It seems that it is important to be eclectic. In fact the question of how eclectic in our spirituality we can be seems to be at the heart of the question. Embracing ultimate conclusions based on psychological and self help assessments can be limiting: however, as a step towards increased awareness they can have a transformative affect that is relevant.
The essence of the following sentences here is influenced by a book that I’m presently reading. It suggests that there is a process of increasing illumination that orders a complex hierarchy of poetic imagination in much the same way that alchemical imagery begins in the bizarre and pathological, but is given its orientation by something beyond. For me Buddhist practice seems to have involved a similar process, that in silence, stillness the unconscious conditioning is encountered. In attentiveness to that confrontation there is an experience of something more expansive.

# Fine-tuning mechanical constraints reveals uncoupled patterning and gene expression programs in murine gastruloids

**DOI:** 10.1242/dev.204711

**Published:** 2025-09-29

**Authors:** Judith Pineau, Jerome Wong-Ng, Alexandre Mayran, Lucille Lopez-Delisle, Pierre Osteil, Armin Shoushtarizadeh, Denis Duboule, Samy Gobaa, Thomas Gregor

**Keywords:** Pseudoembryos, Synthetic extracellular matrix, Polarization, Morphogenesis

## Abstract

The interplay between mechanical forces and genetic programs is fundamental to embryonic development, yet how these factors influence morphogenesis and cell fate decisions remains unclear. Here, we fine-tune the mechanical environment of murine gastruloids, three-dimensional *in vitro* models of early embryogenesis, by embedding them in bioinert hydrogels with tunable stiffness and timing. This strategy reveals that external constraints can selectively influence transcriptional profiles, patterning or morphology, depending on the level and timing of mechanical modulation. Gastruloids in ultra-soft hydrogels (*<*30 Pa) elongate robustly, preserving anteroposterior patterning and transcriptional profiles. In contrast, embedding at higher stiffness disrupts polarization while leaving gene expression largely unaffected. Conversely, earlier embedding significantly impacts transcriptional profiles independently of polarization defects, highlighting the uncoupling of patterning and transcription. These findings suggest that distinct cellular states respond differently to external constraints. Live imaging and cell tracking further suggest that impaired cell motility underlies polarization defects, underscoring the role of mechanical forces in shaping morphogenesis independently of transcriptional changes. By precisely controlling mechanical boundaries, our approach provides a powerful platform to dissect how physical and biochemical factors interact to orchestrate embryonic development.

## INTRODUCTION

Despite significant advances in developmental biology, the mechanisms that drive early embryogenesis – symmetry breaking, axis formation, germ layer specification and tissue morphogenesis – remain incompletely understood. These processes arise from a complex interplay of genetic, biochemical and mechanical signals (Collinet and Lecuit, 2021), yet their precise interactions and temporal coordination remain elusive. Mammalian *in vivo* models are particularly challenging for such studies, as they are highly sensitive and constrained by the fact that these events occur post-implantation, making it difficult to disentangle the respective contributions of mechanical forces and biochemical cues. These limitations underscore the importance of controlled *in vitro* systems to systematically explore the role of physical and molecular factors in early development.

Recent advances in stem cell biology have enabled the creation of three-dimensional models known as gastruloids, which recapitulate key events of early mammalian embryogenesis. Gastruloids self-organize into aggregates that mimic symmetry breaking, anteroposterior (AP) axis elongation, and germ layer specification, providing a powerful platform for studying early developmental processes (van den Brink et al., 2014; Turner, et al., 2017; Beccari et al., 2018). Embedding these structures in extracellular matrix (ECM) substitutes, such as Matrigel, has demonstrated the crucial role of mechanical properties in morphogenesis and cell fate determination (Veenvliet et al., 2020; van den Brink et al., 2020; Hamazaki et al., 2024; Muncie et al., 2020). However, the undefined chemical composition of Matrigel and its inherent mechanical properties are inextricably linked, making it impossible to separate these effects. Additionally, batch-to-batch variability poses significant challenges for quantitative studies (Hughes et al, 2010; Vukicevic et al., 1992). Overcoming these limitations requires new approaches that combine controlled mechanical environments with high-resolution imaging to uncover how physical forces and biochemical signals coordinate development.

Henry Corbin’s critiques of Carl Jung and James Hillman, who both embraced the concept of the “Mundas imaginalis” writes about his fear that the essential spiritual dimension of the “mundus imaginalis” will be perverted by the powerfully secularizing and disorienting tendencies in the modern world. I can’t help but think that this applies, at these times that social, religious, political and institutional influences that are often given the kind of weight that dilutes the aesthetic and spiritual significance of the works they have created, that arise from a process of discovering what is within.
Modern psychology can be a form of secularizing as it leads us away from the “divine”. In the encountering of inevitable difficulties that arise in our conditioning there is a linear reduction in the idea of pathology. What we encounter along the way towards seeing more clearly is a part if a process of realization and moving through past blocks. The likelihood of becoming stuck in that is increased with the notion of pathology.